Press Release Date: February 10, 1998

The Federal Agency for Health Care Policy and Research (AHCPR) today announced a joint research project with Kaiser Permanente Medical Care Program in Northern California that could help all managed care organizations target and provide appropriate health services for enrollees and family members suffering from depression or other mental health symptoms. As a result, health plan enrollees could benefit from improved access to high quality, preventive services, more productive mental health treatment, and added resources invested in continued service enhancements.

"The effect of mental health symptoms on physical health and health resources in general is not well understood," said AHCPR Administrator John M. Eisenberg, M.D. "This study is very timely and could have a great impact on improving the quality and more appropriate use of targeted mental health services."

The research effort, led by Kaiser Permanente's Enid M. Hunkeler, M.A., and AHCPR's William D. Spector, Ph.D. will mainly focus on mild depression—one of the most prevalent mental health problems among managed care patients—and on the interactions with chronic diseases, such as heart disease, and risky behaviors, such as alcohol, drug and cigarette use, on nonpsychiatric health services utilization and costs. The researchers will also explore whether family members of enrollees who have mental health symptoms differ in their use of non-mental health services from family members of enrollees who do not.

"The ultimate goal of Kaiser Permanente is to alleviate the suffering of patients with depression and other mental health symptoms," said Philip Madvig, M.D., Associate Executive Director for Quality for The Permanente Medical Group in Northern California. "If we can determine the kinds of patients to target, clinicians may be more effective at preventing and treating mental health problems."

Findings from the project are expected to contribute to a more complete understanding of the actual health care costs of depression and other mental health symptoms, such as panic disorder, anxiety and violent impulses, in both people who have other illnesses as well as those who do not. The research will also look at persons who may exhibit these symptoms but do not use health services.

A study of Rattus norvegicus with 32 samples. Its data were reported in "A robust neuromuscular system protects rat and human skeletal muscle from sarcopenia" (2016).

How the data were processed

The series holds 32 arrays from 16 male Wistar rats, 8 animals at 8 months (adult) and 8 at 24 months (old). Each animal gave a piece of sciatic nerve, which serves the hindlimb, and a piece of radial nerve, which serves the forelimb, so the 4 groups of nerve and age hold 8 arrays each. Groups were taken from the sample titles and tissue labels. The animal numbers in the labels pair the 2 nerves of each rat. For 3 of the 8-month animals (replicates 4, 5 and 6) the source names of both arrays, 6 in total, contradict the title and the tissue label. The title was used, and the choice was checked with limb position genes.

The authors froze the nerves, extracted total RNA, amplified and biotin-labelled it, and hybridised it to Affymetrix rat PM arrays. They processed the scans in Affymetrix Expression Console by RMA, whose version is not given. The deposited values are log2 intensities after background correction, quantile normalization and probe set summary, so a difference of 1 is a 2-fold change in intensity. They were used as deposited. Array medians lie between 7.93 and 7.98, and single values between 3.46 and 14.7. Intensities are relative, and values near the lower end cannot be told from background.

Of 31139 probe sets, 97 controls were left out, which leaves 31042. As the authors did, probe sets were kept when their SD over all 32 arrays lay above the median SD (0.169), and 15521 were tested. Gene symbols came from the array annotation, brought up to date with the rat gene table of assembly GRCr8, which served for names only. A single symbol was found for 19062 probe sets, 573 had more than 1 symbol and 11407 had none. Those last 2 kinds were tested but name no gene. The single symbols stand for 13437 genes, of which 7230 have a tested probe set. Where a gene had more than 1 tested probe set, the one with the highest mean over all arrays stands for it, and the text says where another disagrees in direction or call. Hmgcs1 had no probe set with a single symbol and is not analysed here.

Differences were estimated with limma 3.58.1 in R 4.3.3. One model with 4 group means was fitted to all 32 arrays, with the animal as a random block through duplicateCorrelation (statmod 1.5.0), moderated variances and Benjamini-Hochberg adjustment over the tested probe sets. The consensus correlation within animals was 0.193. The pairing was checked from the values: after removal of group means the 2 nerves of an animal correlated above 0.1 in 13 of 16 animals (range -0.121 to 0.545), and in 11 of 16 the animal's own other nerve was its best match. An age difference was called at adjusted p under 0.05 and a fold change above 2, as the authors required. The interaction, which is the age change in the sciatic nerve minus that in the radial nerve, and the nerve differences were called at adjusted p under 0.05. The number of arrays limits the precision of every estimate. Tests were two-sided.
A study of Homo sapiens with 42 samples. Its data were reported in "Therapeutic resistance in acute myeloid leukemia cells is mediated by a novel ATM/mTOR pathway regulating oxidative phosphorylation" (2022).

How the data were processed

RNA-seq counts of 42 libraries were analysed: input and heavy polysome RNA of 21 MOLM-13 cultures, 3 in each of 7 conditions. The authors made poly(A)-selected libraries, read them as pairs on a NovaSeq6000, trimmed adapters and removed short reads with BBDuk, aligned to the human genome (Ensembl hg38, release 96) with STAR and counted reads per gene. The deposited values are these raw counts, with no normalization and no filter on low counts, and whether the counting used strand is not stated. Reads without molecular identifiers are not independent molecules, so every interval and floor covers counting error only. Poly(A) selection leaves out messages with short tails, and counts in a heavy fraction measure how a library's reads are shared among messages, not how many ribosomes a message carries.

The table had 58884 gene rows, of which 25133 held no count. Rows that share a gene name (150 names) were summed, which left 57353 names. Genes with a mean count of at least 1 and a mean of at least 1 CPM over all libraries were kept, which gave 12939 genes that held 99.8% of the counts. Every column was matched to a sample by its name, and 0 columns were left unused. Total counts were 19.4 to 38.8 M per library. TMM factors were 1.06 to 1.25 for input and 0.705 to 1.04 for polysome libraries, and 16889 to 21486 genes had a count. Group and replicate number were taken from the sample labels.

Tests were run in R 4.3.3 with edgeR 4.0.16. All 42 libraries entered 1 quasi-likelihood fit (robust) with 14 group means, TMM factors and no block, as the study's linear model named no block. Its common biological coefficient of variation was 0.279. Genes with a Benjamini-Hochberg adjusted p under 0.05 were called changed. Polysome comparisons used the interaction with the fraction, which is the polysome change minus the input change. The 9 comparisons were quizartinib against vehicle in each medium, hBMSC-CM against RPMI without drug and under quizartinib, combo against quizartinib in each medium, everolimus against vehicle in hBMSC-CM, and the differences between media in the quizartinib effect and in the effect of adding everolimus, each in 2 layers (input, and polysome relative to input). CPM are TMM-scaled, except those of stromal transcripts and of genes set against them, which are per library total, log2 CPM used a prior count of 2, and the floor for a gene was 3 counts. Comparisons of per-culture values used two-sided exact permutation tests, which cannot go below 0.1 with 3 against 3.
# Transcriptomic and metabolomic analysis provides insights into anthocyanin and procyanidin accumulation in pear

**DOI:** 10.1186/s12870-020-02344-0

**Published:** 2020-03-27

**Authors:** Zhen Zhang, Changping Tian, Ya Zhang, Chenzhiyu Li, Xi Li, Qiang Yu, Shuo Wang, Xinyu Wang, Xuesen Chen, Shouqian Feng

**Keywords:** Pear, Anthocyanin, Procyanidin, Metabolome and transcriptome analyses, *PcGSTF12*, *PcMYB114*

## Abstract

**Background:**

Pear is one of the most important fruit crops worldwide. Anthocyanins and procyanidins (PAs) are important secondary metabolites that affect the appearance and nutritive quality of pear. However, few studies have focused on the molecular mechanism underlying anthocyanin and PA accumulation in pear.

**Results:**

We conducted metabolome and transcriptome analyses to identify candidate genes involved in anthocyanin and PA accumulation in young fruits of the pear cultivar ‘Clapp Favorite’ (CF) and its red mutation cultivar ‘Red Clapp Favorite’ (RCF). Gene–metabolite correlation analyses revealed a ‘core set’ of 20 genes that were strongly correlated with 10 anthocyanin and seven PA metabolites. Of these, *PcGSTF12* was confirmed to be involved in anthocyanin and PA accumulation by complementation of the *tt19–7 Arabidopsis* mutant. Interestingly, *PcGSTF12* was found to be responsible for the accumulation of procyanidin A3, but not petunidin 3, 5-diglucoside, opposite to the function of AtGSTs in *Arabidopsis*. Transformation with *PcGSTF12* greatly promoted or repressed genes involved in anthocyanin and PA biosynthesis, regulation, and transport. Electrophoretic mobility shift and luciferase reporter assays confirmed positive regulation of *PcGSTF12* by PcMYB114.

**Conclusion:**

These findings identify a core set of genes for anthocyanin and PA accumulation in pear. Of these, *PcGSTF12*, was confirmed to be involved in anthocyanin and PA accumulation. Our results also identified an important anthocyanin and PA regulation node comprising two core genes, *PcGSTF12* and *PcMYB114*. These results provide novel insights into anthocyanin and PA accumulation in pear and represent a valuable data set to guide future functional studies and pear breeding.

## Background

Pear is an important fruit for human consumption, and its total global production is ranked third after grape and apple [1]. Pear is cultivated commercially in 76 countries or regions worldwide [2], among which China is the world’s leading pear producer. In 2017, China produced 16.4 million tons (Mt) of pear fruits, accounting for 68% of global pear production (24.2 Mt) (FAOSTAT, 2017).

"This AHCPR-Kaiser Permanente collaboration is a prototype of new innovative partnerships that the Agency is undertaking to provide vitally needed research-based evidence to improve medical decision-making in the private and public sectors," said Dr. Eisenberg.

Current research suggests that better targeting and appropriate use of mental health services are most likely to have the most significant impact on persons with less severe mental problems and in the elderly. Studies also suggest that many visits for physical health problems really stem from mental health problems. Around 10 percent of the population suffers from some form of depressive illness. About four percent of the population meet the criteria for major depression. Among people seeking healthcare, those rates are twice as high.

"This research supports Kaiser Permanente's recent national efforts to provide what everyone hopes for—effective, targeted interventions integrated with primary care without increased costs to our members," added Jed Weissberg, M.D., associate executive director for quality and performance improvement for The Permanente Federation, the newly-formed body overseeing all Permanente Medical Groups nationwide.

The research will be based on Kaiser Permanente data from a recent, large-scale telephone survey of a random sample of enrollees regarding their mental health symptoms, chronic disease, and alcohol, cigarette and drug use, as well as data regarding their use and expenditures for in Kaiser Permanente hospitals, emergency rooms, outpatient facilities and other medical services in Northern California. "All precautions have been taken to safeguard the confidentiality of information about the individual patients and family members," notes Hunkeler.

Findings will be published in peer-reviewed journals and summarized in AHCPR's Research Activities, a free monthly subscription publication also available on-line through the Agency's web site. The first findings are expected in 1999.

AHCPR is charged with supporting research that improves the quality of health care, reduces its costs, and enhances access to essential services. AHCPR's broad programs of research and assessment bring practical, science-based information to medical practitioners, consumers, and other health care purchasers.

Kaiser Permanente is America's leading health care organization. Founded in 1945, it is a non-profit, group-practice prepayment program with headquarters in Oakland, CA. Kaiser Permanente serves the health care needs of nearly 8.9 million members in 19 states and the District of Columbia. Today, it encompasses Kaiser Foundation Health Plan, Inc.; Kaiser Foundation Hospitals; and the Permanente Medical Groups, as well as Community Health Plan in New York and an alliance with Group Health Cooperative in Washington and Idaho. The California Division of Kaiser Permanente serves more than 5.3 million members throughout the state. The Division has more than 7,000 physicians and over 55,000 employees. It is organized into 12 service areas which are served by 26 major medical centers.

For additional information, please contact AHCPR Public Affairs: Karen Migdail (301) 427-1855 , or Kaiser Permanente: Laura Rohde, (510) 987-3900.